Local adaptation to biotic factors: reciprocal transplants of four species associated with aromatic Thymus pulegioides and T. serpyllum


Correspondence author. E-mail: bodil.ehlers@biology.au.dk


  • 1A plant producing secondary compounds may affect the fitness of other plants in the vicinity, and, likewise, associated plants may evolve adaptation to the presence of their ‘chemical neighbour’. Species of the genus Thymus are aromatic plants, well known for their production of aromatic oils whose constitution is dominated by mono- or sesquiterpenes. A polymorphism for the production of the dominant terpene in the oil exists both within and between thyme species.
  • 2Here we examine the effects of two different terpenes produced by Thymus pulegioides and T. serpyllum on the performance of four associated plant species: Achillea millefolium, Agrostis capillaris, Galium verum and Plantago lanceolata. In a reciprocal transplant experiment we studied how plants naturally occurring together with thyme producing either carvacrol or b-caryophyllene perform on soil treated with these compounds.
  • 3We found evidence of local adaptation to the ‘home’ terpene. Plants originating from sites where they grow together with carvacrol-producing thyme plants also perform better on soil treated with carvacrol. One of the associated species (A. millefolium) also showed evidence of local adaptation to the sesquiterpene b-caryophyllene .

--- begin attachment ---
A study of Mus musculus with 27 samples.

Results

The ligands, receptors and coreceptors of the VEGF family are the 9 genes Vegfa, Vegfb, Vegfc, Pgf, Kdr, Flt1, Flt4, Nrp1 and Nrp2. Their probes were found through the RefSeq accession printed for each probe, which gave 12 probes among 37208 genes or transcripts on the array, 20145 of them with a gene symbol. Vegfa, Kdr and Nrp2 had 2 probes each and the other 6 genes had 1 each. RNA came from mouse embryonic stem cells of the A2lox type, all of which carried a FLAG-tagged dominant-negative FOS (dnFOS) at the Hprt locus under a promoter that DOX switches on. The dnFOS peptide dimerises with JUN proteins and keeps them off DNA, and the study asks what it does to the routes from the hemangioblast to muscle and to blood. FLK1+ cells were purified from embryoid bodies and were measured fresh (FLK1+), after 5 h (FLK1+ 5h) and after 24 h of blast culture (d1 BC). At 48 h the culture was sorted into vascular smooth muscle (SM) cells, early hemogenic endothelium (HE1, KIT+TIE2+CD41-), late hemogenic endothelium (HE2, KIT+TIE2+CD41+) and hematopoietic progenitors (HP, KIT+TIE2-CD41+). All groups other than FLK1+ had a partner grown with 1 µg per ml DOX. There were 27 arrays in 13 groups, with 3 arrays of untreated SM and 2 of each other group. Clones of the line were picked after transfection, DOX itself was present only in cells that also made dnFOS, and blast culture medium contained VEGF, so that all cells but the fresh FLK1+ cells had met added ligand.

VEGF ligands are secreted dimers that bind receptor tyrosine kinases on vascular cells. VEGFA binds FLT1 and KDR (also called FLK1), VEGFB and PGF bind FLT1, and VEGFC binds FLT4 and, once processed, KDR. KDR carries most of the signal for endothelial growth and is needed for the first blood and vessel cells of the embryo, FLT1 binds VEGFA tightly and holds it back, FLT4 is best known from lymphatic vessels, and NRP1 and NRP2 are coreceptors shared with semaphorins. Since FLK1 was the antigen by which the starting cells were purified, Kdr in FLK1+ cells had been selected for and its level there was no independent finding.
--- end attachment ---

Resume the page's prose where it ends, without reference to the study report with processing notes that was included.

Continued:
• 4Seed germination and root biomass showed an adaptive response to soil treatment. Vegetation analysis supported the results of the reciprocal transplant experiment. When the associated species performed best on ‘home’ soil, thyme and the associated species also showed a positive spatial association at natural sites of origin. Moreover, coefficients of variation in plant traits were significantly lower on ‘home’ soil compared to other soils for both A. capillaris and A. millefolium, but higher for G. verum.
  • 5Synthesis. Our results show that plant species can adapt to the presence of neighbour plants that produce specific chemical compounds. This supports the idea that local plant communities may be a lot more co-evolved than was previously thought.